Community is radical under a neoliberal state of individualism. It is radical to care for those whom the state ignores, and more so to facilitate this care between ourselves. To choose community is to reject self-interest, and to enact communal mutual aid is to resist an intangible meritocracy. Essential to the brutal colonisation of so-called Australia was the destruction of Indigenous communal living, continuing today through racially targeted child removals and incarceration. In its place is the ‘nuclear family’. The nuclear family is central to the colonial state and its function, wherein heteronormative ‘family values’ and gender norms are formalised through infrastructure and policy.
As well as being the central labour force for capitalist production, the nuclear family absolves the state of welfare responsibility and shifts it onto the individual ‘household’. Women are appointed this care work, and queer people are ostracised from these care units. Both women and queer people are criticised according to heteronormative reproductive value, and the ability to recreate a productive unit of labour by means of the household. The household reflects divisive state power, not communal care. An alternative is necessary.
By this, we do not mean queer marriage or adoption. A white picket fenced home for two dads with a rainbow atop is meaningless when queer people are twice as likely to experience homelessness. It is not enough to infiltrate systems of oppression for the few, but to redefine care under community for the many. Similarly, the notion of ‘chosen family’ is limited by individualised identity politics, still rooted in the hierarchy of the nuclear family and its function. Assimilation is, therefore, inadequate. Community care in place of individualised care is to centralise kinship in belonging, and inter-dependence without the focus of reproduction or productivity. To sever community from heteronormativity and capitalism is to centralise kinship and care as fundamental roles. This looks like forming and prioritising friendships, connecting across lines of normative kinship, centreing intimacy over individuality, and communal support over self-interest. Queering care is in a constant state of construction, adapted for different folks; fluid.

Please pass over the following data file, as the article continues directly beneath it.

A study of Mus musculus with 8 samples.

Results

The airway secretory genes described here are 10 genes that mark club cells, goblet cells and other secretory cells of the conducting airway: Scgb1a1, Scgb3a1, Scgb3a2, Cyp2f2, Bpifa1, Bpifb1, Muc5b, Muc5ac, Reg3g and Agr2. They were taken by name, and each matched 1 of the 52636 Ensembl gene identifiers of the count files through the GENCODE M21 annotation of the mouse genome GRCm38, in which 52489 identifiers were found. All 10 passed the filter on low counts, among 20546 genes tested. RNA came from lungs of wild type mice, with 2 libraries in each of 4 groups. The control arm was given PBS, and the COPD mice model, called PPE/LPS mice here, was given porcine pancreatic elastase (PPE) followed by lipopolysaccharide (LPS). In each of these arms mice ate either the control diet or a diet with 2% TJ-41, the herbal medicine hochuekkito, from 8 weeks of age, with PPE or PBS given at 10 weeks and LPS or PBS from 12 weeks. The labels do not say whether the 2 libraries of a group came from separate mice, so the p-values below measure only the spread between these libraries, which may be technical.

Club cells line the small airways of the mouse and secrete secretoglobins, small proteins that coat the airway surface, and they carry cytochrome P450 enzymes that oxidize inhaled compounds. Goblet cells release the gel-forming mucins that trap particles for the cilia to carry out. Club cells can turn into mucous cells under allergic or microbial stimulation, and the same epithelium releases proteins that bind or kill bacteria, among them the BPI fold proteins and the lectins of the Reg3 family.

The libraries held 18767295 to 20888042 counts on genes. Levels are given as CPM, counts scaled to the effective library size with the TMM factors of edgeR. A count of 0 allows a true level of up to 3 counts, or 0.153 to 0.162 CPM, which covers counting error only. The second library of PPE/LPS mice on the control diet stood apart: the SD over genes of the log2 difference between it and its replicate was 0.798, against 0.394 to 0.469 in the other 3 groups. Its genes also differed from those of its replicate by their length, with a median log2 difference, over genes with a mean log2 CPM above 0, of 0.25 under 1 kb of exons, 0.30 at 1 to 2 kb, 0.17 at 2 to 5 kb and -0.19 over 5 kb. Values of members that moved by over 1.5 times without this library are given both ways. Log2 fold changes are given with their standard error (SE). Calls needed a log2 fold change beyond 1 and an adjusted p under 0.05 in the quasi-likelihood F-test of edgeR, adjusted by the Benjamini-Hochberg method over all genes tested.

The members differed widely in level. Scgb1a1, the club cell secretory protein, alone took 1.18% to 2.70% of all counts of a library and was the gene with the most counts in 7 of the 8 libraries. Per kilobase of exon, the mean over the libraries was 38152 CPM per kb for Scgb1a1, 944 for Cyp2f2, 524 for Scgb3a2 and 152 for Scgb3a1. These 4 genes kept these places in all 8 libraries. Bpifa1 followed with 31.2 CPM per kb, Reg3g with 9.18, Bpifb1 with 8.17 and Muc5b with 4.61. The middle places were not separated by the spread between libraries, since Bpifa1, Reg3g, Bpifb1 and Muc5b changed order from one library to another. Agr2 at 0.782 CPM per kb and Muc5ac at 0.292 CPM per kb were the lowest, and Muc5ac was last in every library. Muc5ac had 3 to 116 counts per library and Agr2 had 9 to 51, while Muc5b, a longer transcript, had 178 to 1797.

Community building is not frivolous, but central to political activism. Tangible political action may be possible between strangers, as seen when we march on the street, side by side with unfamiliar faces. However, political activism is not void of intimacy, nor community. What do we fight for if not community? To keep the two separate is to internalise the capitalist divide between public and private, or the bourgeois notion of a depoliticised personal life. As many authors have argued, ‘the revolution starts at home,’ meaning that political values must be enacted in our everyday. This includes within relationships and personal spaces, as well as in public and intellectually. Community is what binds a movement together and creates practical alternatives to harmful state institutions such as the nuclear household. Solidarity starts on the couch and at the pub, in conversations and texts, between friends and neighbours. Through community, comrades become kin.